Shannon's Window

When will we be ‘Harvard smart’ on early learning?

Kindergarten math worksheet.

The momentum for change in the early learning space is growing — and now coming from some of the most prestigious addresses.

The Center on the Developing Child at Harvard University published a paper recently that was highlighted by The Atlantic. It calls for more science-based innovation to be applied to early learning.

“From Best Practices to Breakthrough Impacts” analyzes nearly 50 years worth of research papers on how young children learn and what strategies work to help their parents and caregivers be good influences on their brain development.

The bottom line?

“Achieving breakthrough outcomes for children experiencing significant adversity requires that we support the adults who care for them to transform their own lives,” the authors write.

That is one of three key shifts in policy and public thought that the authors argue must happen for our children to progress.

The others:

— Early experiences affect lifelong physical and mental health, not just learning.

— Healthy brain development requires protection from excessive stress, not just enrichment in a stimulating environment.

“Toxic stress” — repeated, frequent exposure of a young, developing brain to stress — damages that child’s ability to learn and process information throughout the rest of that baby’s life.

The paper notes two of what are considered the “gold standard” projects in the field — the Perry Preschool and the Abecedarian project. Both randomly assigned young children into all-day, five-day-a-week, year-round childcare in an education-rich setting. Alumni of both still demonstrate the positive outcomes of the experience in educational attainment, economic progress, and health outcomes.

Ten years ago, Florida voters approved a measure to mandate high-quality preschool for every 4-year-old, but the state has never funded the program for more than three hours a day of instruction. The per pupil funding allotment for next year is $2,437, less than it was when voluntary prekindergarten began in 2005.

Nearly 85 percent of a child’s brain is developed in the years between birth and 4. The foundation laid then — the paths built into those little brains — will impact how well and quickly that child takes new information and retains it for the rest of his or her life.

The $395 million in the state education budget for VPK — which is supposed to be Ground Zero for a children’s formal public education experience — is less than one-half of 1 percentage of the total $82 billion budget.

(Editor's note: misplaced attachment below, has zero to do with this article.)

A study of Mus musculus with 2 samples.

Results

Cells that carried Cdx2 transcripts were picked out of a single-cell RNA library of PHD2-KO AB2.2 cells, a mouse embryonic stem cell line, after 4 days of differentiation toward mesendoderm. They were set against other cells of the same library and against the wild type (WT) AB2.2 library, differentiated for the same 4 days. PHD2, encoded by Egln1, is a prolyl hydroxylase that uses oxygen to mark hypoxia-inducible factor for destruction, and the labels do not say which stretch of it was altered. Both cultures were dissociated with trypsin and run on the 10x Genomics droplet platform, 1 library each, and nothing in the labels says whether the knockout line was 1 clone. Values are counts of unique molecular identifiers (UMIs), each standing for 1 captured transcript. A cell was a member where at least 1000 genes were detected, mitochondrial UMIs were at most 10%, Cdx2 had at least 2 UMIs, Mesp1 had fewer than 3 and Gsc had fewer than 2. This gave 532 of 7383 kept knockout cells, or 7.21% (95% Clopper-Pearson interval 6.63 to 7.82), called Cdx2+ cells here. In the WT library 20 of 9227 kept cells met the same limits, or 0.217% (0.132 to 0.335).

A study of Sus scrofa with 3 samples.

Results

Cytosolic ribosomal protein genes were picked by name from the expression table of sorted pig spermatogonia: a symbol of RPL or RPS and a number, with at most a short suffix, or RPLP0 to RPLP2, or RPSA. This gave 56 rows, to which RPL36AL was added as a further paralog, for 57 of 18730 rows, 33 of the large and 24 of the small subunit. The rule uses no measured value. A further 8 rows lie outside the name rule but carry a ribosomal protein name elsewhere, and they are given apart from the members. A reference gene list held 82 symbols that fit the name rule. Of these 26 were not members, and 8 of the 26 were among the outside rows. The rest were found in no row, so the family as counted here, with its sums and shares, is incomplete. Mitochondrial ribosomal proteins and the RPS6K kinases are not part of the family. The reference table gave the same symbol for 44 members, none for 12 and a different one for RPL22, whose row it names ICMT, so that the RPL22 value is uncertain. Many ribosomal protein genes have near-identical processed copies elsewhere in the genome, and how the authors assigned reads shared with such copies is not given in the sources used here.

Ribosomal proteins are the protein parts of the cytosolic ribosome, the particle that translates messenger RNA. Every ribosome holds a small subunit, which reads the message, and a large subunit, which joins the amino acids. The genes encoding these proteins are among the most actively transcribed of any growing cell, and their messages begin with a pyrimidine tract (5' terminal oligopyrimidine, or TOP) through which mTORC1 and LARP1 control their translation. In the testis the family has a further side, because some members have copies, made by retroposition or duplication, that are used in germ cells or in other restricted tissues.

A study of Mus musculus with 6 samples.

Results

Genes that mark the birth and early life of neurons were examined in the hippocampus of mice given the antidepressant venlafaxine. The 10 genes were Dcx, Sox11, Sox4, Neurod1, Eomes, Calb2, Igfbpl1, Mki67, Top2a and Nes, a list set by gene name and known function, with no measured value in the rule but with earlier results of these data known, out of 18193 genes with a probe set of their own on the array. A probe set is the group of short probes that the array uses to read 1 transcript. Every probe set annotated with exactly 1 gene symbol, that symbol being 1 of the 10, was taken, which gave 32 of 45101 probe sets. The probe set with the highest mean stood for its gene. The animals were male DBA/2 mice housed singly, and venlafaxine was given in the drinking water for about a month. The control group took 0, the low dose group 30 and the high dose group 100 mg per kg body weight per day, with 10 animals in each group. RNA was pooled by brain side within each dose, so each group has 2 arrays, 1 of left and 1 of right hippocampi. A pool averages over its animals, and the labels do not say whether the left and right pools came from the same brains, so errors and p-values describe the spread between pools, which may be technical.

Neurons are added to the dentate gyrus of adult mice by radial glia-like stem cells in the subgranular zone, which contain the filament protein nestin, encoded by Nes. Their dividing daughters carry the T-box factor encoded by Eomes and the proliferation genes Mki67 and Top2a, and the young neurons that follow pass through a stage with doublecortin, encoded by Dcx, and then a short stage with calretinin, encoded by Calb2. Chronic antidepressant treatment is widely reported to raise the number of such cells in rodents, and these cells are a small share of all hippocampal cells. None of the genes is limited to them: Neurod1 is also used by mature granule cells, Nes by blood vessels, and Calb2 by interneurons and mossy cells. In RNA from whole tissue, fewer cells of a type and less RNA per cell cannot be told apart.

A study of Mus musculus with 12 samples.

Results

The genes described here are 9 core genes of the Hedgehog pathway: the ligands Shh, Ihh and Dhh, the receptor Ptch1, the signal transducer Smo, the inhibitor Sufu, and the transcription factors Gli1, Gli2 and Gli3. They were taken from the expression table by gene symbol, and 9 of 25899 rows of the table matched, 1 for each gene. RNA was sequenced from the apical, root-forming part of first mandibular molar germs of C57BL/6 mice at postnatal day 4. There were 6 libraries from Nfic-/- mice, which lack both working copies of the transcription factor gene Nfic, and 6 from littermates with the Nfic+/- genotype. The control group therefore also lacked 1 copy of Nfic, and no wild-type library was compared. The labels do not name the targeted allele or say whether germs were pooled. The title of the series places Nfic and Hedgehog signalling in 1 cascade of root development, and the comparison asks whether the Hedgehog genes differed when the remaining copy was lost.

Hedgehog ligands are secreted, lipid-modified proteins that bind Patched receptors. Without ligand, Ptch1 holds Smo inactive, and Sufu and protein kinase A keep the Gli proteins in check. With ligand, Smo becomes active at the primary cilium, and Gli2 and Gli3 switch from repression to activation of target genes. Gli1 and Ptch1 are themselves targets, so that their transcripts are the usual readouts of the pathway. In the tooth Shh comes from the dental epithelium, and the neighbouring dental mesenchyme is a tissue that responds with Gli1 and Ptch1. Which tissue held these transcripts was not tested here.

The Harvard authors advocate first and foremost for building the skills of caregivers — from parents to childcare workers, who the study note, make less on average nationally than parking lot attendants, animal attendants and funeral attendants.

Phyllis Pooley works for the Office of Economic Development and Engagement at the University of West Florida. She says that according to the Florida Department of Economic Opportunity, the median hourly wage in the Pensacola metro area is $9.27 for childcare workers.

That works out to $19,281 a year.

The state median wage is $9.55 — $19,864 a year.

What interventions do work give young children a better start?

“ The five core principles described in this chapter can guide improvements in the quality of a wide array of early childhood policies and programs that have evolved in the United States over the past half-century.

These programs typically fall within the following four tiers of investment:

  • — Universal services for all children and their families (e.g., prenatal care for pregnant women, primary health care for children and parents, and full access to preschool education in some states);
  • — Broad-based programs serving families across the socioeconomic spectrum (e.g., child care, services for children with special needs, and preschool programs with variable degrees of access);
  • — Targeted supports for families with low levels of education and income (e.g., parenting education and coaching, programs for infants and toddlers, financial supports, services to promote economic self-sufficiency, and nutritional assistance);
  • — Intensive interventions for young children and families at high risk for experiencing toxic stress (e.g., specialized services to reduce, prevent, or mitigate the adverse effects of child maltreatment, mental health problems in parents and caregivers, parental substance abuse, and/or exposure to intimate partner violence in the home).

The rationale for these four levels of investment is strong, but the evidence base for their effectiveness reveals relatively large, long-term benefits in some domains and much smaller or mixed effects in others. The well-documented impacts of model programs include multiple long-term outcomes with high policy salience, such as higher educational attainment, fewer unplanned pregnancies, increased economic productivity, and reduced criminal behavior.”

Science is telling us the answer to the question, what do we do to close the achievement gap?

The question now is, when will we demonstrate the will to match our deeds with our words when it comes to our children?